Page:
Microsoft and Cisco Systems announced this week that they are working together to enable a Cisco networking appliance to handle basic Windows Server 2008 functions such as network management and printing.
Cisco will embed a virtualization component within its Wide-Area Application Services (WAAS) networking appliances that will allow users to run these Windows Server 2008 services locally rather than through a server in a central data center.
The appliances will be available by the second half of this year, according to Baruch Deutsch, director of product marketing at Cisco. Aimed at corporate branch offices with light server and networking needs, such as bank branches or retail stores, the hardware will offer features such as Domain Name Systems (DNS), Dynamic Host Configuration Protocol (DHCP), Active Directory and Print Services.
Centralized servers are easier to deploy and manage for companies without IT staff at each branch and can provide quicker, faster service. But they can also be more difficult to manage. The Cisco appliances are designed to provide the ease of centralized deployment and management -- even through Microsoft's System Center management tools -- while offering local performance, Deutsch said.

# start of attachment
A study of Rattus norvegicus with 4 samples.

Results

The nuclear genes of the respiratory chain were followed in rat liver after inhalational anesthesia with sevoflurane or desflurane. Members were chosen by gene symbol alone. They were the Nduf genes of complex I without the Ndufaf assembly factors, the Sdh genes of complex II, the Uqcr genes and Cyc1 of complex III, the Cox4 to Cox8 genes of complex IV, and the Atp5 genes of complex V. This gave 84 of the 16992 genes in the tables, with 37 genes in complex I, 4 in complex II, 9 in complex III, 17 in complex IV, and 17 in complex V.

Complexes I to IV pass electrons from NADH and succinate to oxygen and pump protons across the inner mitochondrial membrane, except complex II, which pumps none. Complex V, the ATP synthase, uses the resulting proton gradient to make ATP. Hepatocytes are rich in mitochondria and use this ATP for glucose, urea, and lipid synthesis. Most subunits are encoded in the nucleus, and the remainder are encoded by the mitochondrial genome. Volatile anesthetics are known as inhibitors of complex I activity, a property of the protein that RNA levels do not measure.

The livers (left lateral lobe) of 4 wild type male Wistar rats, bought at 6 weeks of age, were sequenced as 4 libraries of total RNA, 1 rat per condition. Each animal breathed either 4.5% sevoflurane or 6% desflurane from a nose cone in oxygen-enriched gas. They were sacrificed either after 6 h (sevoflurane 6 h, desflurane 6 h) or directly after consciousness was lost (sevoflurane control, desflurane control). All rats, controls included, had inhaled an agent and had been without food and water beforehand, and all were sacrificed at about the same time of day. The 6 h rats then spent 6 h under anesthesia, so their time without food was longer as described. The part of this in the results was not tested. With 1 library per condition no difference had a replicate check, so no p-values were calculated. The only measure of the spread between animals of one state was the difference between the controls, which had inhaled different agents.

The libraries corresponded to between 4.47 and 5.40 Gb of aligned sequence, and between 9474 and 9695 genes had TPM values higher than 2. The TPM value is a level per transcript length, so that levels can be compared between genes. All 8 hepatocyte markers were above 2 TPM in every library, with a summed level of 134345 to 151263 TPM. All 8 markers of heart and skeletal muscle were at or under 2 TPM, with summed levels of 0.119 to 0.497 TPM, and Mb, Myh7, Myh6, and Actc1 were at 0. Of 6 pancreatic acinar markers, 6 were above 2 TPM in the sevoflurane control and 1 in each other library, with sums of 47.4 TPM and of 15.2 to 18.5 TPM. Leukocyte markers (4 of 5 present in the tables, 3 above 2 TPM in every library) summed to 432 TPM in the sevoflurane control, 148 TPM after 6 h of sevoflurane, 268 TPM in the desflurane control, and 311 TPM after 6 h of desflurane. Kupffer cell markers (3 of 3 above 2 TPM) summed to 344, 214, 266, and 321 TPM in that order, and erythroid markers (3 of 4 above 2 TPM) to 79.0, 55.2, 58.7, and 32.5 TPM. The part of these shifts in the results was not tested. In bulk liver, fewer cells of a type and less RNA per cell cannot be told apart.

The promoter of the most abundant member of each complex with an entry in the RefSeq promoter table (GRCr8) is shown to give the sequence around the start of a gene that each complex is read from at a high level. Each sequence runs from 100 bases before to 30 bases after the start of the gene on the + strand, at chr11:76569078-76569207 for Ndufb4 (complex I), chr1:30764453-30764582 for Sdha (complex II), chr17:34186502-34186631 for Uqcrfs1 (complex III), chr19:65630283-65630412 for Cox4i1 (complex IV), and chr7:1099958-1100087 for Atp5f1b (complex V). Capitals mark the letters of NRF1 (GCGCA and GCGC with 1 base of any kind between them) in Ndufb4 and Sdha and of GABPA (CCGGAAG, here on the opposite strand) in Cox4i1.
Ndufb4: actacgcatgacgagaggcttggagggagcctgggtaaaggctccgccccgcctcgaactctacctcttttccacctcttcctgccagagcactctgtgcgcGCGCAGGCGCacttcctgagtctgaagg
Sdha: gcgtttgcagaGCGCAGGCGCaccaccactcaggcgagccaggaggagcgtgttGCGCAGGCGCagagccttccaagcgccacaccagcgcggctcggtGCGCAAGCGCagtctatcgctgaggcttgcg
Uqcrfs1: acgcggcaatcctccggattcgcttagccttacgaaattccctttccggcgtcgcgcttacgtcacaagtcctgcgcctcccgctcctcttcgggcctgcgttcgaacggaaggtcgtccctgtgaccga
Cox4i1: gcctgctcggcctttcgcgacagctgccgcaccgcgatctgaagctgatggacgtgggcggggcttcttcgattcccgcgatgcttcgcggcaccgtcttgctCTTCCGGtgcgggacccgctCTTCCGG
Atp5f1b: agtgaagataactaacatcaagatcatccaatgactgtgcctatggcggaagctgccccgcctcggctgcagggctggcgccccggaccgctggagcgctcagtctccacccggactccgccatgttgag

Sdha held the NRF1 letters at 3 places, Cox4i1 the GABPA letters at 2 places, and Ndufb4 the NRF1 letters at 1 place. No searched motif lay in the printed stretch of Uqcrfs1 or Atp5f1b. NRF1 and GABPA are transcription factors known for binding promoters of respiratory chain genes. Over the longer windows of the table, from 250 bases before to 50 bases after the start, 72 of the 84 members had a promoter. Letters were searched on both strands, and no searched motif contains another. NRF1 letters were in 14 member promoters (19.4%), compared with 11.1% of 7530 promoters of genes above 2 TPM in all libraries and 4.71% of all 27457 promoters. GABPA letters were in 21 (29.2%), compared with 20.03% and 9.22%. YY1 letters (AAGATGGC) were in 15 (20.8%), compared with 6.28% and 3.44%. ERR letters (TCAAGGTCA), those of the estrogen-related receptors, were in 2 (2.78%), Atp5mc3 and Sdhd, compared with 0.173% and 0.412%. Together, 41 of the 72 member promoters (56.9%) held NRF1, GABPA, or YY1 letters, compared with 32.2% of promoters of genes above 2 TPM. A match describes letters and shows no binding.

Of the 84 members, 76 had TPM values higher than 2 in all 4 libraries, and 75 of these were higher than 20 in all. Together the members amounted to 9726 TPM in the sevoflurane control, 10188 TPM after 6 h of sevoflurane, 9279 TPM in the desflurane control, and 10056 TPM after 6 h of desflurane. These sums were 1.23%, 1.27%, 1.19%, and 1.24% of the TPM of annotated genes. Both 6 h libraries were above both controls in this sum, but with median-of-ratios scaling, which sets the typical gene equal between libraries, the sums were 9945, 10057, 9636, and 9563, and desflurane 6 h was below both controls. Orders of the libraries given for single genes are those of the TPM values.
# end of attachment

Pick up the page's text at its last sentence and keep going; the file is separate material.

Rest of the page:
The announcement is the first fruit borne of last August's peace pact between Microsoft CEO Steve Ballmer and his counterpart at Cisco, John Chambers.
Longtime partners, Microsoft and Cisco are competing directly in the unified communications arena, widely considered a lucrative market of the future.
About one-fifth of all Windows Servers today are deployed in remote or branch offices, according to Bala Kasiviswanathan, director of branch and storage solutions at Microsoft.
Existing WAAS appliances start at US$5,000 each. Pricing for the appliances with Server features built-in was not disclosed.
A Windows Server 2008 license will be bundled into the appliances. Thus, companies whose employees already have Windows Server client access licenses (CALs) in order to access Active Directory and/or storage and printing resources will not need to buy additional CALs when using the Cisco gear, Kasiviswanathan said.
Companies with heavier Windows Server needs will likely still invest in a full on-premises server at each branch office, Kasiviswanathan said.